Case Law

Clark v In Focus: There is only one cherry, and no second bite at it

25 February 2014
By Michael Hayes


Financial advisers across the country will be breathing a sigh of relief as they digest the Court of Appeal’s decision in Clark v In Focus, meanwhile consumers which have suffered losses in excess of the statutory limit of the Financial Ombudsman Service’s scheme have been given a stark warning: by all means accept the Ombudsman’s award, but the Courts will give you no second bite at the same cherry.

The facts and the decision

Mr and Mrs Clark claimed that they had lost in excess of £300,000 as a result of negligent investment advice.

They initially pursued their complaint through the Ombudsman. The Ombudsman was established under the Financial Services and Markets Act 2000 (“FSMA”); the rules under which it operates are fleshed-out by the Financial Conduct Authority’s Handbook. It was intended as a fast, cheap and relatively informal dispute resolution service, which at the time of the Clark’s claim had the power to award a consumer compensation against a financial services provider / adviser, up to a maximum of £100,000 (the limit is now £150,000).

In resolving disputes, the Ombudsman has to give each side the chance to put their case in writing; additionally, there may or may not be an oral hearing and oral evidence taken. The Ombudsman then has to determine the complaint “by reference to what is, in the opinion of the Ombudsman, fair and reasonable in all the circumstances of the case”. That will include taking proper account of the law, but may encompass other factors as well. If the Ombudsman believes that more than the statutory limit should be paid, he can recommend that an adviser pays a higher amount. When the Ombudsman makes a decision, the consumer has a choice as to whether or not to accept it. If he rejects it, it doesn’t bind the consumer or the adviser. If he accepts it, he can enforce any award up to the statutory limit as a county court judgment, but cannot enforce the Ombudsman’s recommendations above that limit.

In the case of the Clarks, the Ombudsman ordered that they be paid £100,000, and recommended additional compensation. They accepted it, but expressly made their acceptance subject to their ‘right’ to bring court proceedings for the balance. Their adviser paid the award, but no more. True to their word, they commenced court proceedings for negligence, giving credit for the £100,000 already received.

Cranson J, disagreeing with an earlier High Court decision in Andrews v SBJ Benefit Consultants [2011] PNLR 477, held that the Clarks’ causes of action did not merge with the Ombudsman’s award. They could bring their claim.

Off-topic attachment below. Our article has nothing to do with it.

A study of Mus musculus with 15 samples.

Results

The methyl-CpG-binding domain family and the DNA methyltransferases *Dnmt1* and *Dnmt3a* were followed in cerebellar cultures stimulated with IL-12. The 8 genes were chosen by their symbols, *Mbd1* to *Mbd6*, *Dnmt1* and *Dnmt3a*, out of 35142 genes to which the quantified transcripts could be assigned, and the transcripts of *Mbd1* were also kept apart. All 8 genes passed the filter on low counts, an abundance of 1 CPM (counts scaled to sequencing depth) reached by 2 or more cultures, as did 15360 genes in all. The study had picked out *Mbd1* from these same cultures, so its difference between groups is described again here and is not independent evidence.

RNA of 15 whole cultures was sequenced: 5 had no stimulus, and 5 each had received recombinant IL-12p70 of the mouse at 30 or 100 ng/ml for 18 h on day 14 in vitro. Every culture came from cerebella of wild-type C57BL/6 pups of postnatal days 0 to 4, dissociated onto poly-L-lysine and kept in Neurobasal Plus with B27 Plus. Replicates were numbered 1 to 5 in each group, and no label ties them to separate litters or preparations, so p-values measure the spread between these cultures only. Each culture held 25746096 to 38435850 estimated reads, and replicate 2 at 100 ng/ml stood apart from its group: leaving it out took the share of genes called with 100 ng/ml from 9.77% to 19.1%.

The Court of Appeal have now overturned that decision: it has held that the Ombudsman service makes final judicial decisions for the purposes of res judicata, and that therefore where the facts giving rise to a complaint before the Ombudsman also give rise to a cause of action, and the Ombudsman decides a relevant question arising out of those facts, then the acceptance of the Ombudsman’s award will preclude a court action such as the Clarks’; the cause of action will already have been adjudicated upon.

The fact that res judicata was not mentioned in the relevant parts of the FSMA or the Handbook did not mean that it did not apply; quite the contrary, clear language would have been needed to exclude it. Neither did it matter that the Ombudsman could take into account factors which the courts could not.

Once it was established that the Ombudsman’s decision was a judicial decision on facts giving rise to a cause of action, the Clarks’ reservation of their ‘rights’ to commence legal proceedings for further damages was meaningless, because they had no such right. Res judicata operates irrespective of the wishes of either or both parties.

As the Court noted, the Ombudsman scheme was intended to resolve disputes, rather than be just the first stage in a longer process.


Whether or not res judicata applies in a given case will depend upon the facts of that case and how the complaint, award and the subsequent claim is framed. The question is whether the cause of action in respect of which the later claim is brought has already been adjudicated upon by the Ombudsman.

The onus of proving that it is will be on the party alleging that it is (the adviser) and Arden LJ indicated that doubt would be resolved in favour of the consumer.

Still, wherever a person’s loss exceeds the statutory limit (now £150,000), then that person would be well advised to seek legal advice on their particular situation: depending on their prospects of success and the likely value of their claim, they may well be giving up a substantial amount of money by accepting the Ombudsman’s award.